A facial challenge is an attack on a statute itself as opposed to a particular application. While such challenges are the most difficult to mount successfully, the U.S. Supreme Court has never held that these claims cannot be brought under any otherwise enforceable provision of the Constitution. Instead, the Court has allowed such challenges to proceed under a diverse array of constitutional provisions. Fourth Amendment challenges to statutes authorizing warrantless searches are no exception.


Pursuant to Los Angeles Municipal Code § 41.49., the city of Los Angeles (City), required hotel operators to record and keep specific information about their guests on the premises for a 90-day period. The records were to be made available to any officer of the Los Angeles Police Department for inspection at a time and in a manner that would minimize any interference with the operation of the business. The Code further stated that a hotel operator's failure to make the records available was a criminal misdemeanor. A  group of motel operators and a lodging association brought a facial challenge to § 41.49(3)(a) on Fourth Amendment grounds. The District Court entered judgment for the City, finding that the operators and association lacked a reasonable expectation of privacy in their records. The Ninth Circuit subsequently reversed, determining that inspections under § 41.49(3)(a) are Fourth Amendment searches and that such searches are unreasonable under the Fourth Amendment because hotel owners were subjected to punishment for failure to turn over their records without first being afforded the opportunity for pre-compliance review.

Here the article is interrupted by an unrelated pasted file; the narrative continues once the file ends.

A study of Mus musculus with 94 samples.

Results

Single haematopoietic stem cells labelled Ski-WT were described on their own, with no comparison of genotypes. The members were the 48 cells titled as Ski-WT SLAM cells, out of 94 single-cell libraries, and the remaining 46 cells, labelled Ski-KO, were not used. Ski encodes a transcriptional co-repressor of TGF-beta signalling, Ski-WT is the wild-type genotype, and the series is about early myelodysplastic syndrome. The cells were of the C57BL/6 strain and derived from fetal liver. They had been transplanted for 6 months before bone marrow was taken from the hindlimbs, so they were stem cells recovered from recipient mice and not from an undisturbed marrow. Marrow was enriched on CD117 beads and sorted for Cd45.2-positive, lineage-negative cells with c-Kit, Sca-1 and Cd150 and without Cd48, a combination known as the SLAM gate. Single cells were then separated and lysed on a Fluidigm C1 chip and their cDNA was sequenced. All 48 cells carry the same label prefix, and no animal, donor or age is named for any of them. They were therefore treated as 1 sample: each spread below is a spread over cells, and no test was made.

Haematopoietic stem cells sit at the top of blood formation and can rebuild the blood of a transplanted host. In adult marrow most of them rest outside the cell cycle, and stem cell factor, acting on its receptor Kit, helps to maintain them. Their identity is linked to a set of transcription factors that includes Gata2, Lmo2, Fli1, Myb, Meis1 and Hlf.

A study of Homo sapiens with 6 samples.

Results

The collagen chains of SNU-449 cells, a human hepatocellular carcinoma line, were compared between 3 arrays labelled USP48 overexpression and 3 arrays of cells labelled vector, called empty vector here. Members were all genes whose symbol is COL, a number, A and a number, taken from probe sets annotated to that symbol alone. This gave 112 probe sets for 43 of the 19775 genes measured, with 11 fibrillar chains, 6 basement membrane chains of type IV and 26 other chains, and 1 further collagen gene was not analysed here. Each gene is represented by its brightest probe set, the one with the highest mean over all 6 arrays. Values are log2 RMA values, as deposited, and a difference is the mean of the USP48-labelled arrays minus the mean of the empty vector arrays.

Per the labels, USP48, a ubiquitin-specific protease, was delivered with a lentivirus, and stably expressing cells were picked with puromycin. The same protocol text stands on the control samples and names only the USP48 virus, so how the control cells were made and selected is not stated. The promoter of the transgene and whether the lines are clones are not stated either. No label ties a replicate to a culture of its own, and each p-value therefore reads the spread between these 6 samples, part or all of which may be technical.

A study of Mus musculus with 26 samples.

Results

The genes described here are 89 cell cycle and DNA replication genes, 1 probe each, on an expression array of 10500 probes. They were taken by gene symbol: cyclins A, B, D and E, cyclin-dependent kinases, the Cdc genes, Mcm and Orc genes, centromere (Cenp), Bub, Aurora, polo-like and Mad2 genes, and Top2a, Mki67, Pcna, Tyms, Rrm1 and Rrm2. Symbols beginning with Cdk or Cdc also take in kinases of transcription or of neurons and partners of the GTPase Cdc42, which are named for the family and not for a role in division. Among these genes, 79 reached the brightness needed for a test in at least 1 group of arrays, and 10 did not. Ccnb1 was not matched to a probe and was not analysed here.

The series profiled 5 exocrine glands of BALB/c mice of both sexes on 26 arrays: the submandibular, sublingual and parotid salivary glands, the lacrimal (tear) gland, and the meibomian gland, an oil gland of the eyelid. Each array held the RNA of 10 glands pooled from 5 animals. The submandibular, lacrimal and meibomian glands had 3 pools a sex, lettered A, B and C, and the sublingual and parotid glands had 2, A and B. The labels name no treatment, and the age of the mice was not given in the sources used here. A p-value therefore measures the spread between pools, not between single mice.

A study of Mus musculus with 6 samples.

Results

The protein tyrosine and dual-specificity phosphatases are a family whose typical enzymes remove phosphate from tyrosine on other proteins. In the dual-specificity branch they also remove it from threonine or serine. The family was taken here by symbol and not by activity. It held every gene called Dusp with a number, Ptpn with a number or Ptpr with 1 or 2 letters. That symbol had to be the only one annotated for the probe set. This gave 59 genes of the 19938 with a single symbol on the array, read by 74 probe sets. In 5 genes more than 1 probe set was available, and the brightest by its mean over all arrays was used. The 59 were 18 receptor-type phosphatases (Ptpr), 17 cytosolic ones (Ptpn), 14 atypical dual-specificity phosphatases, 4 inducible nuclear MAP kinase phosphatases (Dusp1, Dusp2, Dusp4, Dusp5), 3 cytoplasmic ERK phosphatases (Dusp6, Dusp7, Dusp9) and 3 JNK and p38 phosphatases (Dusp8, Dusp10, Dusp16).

Was § 41.49(3)(a) of the Los Angeles Municipal Code facially unconstitutional?




On a writ of certiorari, the Supreme Court of the United States held that Section 41.49(3)(a) was facially unconstitutional because it failed to provide hotel operators with an opportunity for pre-compliance review before it gave its guest registry to the police for inspection. Actual review need occur only when a hotel operator objects to turning over the records. This opportunity, according to the Court, can be provided without imposing onerous burdens on law enforcement. The Court also held that Section 41.49 is also constitutionally deficient under the “certainty and regularity” prong of the closely regulated industries test because it fails sufficiently to constrain police officers’ discretion as to which hotels to search and under what circumstances. The Court affirmed the judgment.